The range of employment opportunities for performers and actors in the 21st century is much more diverse than 50 years ago. The growth of television, film and radio - not to mention video and the internet - means that today's performers need to have experience and understanding of working in as many differing media as possible. Fifty years ago, actors tended to train "on the job" in repertory theatres; observing more experienced actors, learning from them and doing stage management duties and playing small parts during a kind of apprenticeship. This is no longer possible. That's why most young performers need to take a training course where they acquire technique, and experience different modes of performance before they get paid for doing it. Drama schools - whether traditional or university-based courses - offer that opportunity.
It is often said and research by the actor's union Equity backs up the hearsay, that just over 70 per cent of actors are out of work at any one time. This statistic can be a little misleading as it does include very successful actors who choose not to work for parts of the year, as well as actors who have gone into other careers and still retained their union membership. It would, however, be irresponsible to imagine that a life as an actor is a financially secure or easy option.
To combat this, performing arts students on good courses would learn skills in several areas. Firstly, you need to be vocally and physically flexible enough to play a 2,000-seat venue one week and a tiny television studio the next; to take on the complexity and size of a Shakespeare role for a season before moving on to a musical theatre role. In other words, to gain success as an actor, a singer or a dancer, you need to be a flexible and keep your options open: a thinking practitioner who can turn their hand to almost anything. For this you need great technical training and the opportunity to experience those different mediums. Look for a course that includes practical workshop-based learning in areas including technique, voice and speech, movement and dance, musical theatre, improvisation, devising, Shakespeare, dialect work, and acting for screen and radio - to name a few! This should be backed up by training in research skills, contextual studies and professional development.
Secondly, if you accept that this is a difficult industry, you need to know as much about it and where the opportunities lie as you possibly can. You also need to know how to sell yourself, where to sell yourself and what to do if nobody is buying. Some university, college and conservatoire courses offer specific modules and programmes to help you do this, using lectures, seminars and mock auditions given by actors, directors and casting directors from the industry.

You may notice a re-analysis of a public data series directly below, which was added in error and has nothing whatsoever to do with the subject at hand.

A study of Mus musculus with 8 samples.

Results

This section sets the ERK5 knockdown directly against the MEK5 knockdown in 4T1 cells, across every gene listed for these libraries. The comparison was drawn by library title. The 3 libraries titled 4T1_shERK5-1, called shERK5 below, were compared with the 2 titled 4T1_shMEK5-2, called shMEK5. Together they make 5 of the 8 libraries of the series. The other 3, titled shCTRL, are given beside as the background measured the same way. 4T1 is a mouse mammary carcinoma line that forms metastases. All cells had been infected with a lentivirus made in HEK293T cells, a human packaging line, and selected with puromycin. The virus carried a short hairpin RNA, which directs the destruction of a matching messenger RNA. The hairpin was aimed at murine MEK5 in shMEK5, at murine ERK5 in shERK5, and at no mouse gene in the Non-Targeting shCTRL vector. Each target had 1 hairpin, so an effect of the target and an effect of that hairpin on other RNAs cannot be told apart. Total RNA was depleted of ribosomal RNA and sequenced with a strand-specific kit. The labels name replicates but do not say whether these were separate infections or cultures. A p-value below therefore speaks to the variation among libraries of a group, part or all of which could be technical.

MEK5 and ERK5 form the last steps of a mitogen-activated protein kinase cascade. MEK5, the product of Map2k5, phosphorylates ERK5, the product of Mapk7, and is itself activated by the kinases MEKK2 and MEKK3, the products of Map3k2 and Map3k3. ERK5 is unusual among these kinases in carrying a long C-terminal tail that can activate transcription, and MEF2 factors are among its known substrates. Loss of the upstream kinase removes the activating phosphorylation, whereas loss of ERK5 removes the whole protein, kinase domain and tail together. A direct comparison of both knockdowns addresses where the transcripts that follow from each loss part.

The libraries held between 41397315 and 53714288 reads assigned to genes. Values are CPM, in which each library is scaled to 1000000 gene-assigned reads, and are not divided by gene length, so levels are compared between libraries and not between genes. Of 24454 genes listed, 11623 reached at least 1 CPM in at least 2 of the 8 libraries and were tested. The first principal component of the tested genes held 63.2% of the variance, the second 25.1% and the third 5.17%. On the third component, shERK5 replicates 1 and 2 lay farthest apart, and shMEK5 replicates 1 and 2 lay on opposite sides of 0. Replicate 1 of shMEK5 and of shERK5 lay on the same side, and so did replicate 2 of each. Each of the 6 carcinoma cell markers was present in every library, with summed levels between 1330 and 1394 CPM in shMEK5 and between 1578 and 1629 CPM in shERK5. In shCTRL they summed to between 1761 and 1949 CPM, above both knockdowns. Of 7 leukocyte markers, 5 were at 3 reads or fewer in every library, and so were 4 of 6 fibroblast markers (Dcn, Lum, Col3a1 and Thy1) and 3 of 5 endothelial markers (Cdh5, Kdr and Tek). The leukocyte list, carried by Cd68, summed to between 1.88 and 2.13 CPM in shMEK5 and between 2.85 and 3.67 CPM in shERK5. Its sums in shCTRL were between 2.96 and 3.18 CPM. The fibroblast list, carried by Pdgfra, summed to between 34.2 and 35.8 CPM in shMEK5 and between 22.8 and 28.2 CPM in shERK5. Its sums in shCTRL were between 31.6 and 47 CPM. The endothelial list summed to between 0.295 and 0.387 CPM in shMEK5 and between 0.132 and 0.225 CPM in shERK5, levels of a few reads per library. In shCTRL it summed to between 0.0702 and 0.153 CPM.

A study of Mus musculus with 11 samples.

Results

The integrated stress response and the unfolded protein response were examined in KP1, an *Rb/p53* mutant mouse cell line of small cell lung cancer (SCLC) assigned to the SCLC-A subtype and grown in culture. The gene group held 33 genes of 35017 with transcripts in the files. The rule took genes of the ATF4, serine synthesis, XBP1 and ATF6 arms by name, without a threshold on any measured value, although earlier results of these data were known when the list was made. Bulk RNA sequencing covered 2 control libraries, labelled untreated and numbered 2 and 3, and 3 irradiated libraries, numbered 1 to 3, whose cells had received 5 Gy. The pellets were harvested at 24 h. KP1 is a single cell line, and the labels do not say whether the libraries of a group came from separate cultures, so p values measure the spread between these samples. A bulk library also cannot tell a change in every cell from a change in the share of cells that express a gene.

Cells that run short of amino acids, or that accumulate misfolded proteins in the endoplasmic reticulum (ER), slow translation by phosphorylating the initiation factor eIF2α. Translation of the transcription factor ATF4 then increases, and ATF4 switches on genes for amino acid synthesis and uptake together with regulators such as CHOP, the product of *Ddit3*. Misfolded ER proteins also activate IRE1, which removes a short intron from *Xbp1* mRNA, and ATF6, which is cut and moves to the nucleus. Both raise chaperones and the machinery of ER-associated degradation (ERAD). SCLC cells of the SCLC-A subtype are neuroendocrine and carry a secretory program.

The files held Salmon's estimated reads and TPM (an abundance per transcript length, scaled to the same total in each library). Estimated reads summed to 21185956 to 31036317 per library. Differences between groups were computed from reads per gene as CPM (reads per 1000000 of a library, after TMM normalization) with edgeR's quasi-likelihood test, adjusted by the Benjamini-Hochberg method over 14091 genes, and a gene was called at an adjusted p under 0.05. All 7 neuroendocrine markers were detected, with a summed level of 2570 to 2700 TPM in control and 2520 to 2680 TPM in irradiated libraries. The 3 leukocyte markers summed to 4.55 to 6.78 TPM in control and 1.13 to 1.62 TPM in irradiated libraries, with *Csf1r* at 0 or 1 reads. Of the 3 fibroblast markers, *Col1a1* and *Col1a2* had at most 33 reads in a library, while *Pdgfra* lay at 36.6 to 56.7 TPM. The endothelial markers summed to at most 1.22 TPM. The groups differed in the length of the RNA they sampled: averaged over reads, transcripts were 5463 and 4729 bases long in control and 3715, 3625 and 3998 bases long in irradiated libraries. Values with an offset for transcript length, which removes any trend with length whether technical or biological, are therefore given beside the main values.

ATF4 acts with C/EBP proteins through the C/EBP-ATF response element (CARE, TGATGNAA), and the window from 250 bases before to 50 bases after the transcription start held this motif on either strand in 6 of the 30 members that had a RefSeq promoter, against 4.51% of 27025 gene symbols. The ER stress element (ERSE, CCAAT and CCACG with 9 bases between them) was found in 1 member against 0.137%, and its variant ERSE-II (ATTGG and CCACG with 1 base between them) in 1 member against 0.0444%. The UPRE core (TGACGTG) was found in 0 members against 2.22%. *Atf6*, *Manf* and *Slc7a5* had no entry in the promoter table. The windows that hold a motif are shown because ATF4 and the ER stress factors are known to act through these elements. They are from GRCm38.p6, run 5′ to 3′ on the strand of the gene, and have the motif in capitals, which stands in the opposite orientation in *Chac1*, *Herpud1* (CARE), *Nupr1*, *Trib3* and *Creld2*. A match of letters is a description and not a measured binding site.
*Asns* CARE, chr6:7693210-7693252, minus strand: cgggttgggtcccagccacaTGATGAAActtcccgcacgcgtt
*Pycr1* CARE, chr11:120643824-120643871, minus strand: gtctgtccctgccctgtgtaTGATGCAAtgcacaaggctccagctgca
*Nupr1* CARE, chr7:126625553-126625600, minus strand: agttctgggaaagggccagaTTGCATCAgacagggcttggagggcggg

To successfully complete a training course in acting and go on to a career in the business, you need to be very determined and open to new experiences. And don't be blinded by glamour and fame! You should have your sights set on the hard work that you need to undertake, rather than on dreams of Hollywood. The more experience of acting that you can acquire before you present yourself for an audition, the better.
You will learn things from all amateur acting experiences, no matter how limited the theatre company. You should also see as much live theatre as you can. Your formal education is also very important and although having qualifications in drama is not essential, understanding the theory behind your work can only be to your advantage.
Iain Ormsby-Knox is head of acting at Liverpool Institute for Performing Arts
Peter Howe, 25, studied a BA (Hons) acting (performing arts) at LIPA. He graduated in 2004 Howe has A-levels in English literature (B), English language (E) and media studies (C) from Freeman Hall Sixth Form College, Trinity School, Leamington Spa
"I'd been performing since I was 11 in various theatre groups and youth theatres and it seemed a natural progression to go off and train at theatre school as an actor. I looked for a course that offered interdisciplinary training, which would mean I could develop my acting skills, as well as other skills; singing, writing, dancing and even design. And I found it! On my degree, actors, dancers, musicians, technicians and managers all work closely together to regularly create large performance projects and it's as close as possible to recreating the professional environment you encounter in the industry.
Students are encouraged also to work on self-motivated, independent projects that are performed in front of fellow students. It gives people an opportunity to experiment with secondary disciplines or try things they wouldn't necessarily have the chance to explore.
I consider myself an actor primarily, but on my course, I was able to add "strings to my bow", meaning I also left as a strong musical theatre performer.
I'm currently finishing a contract in Toronto, Canada, playing Sam Gamgee in the stage version of Lord of the Rings. I was also lucky enough to be nominated for the Dora Mavor Moore award for Best Actor in a Musical - the most prestigious award for a musical actor in Canada."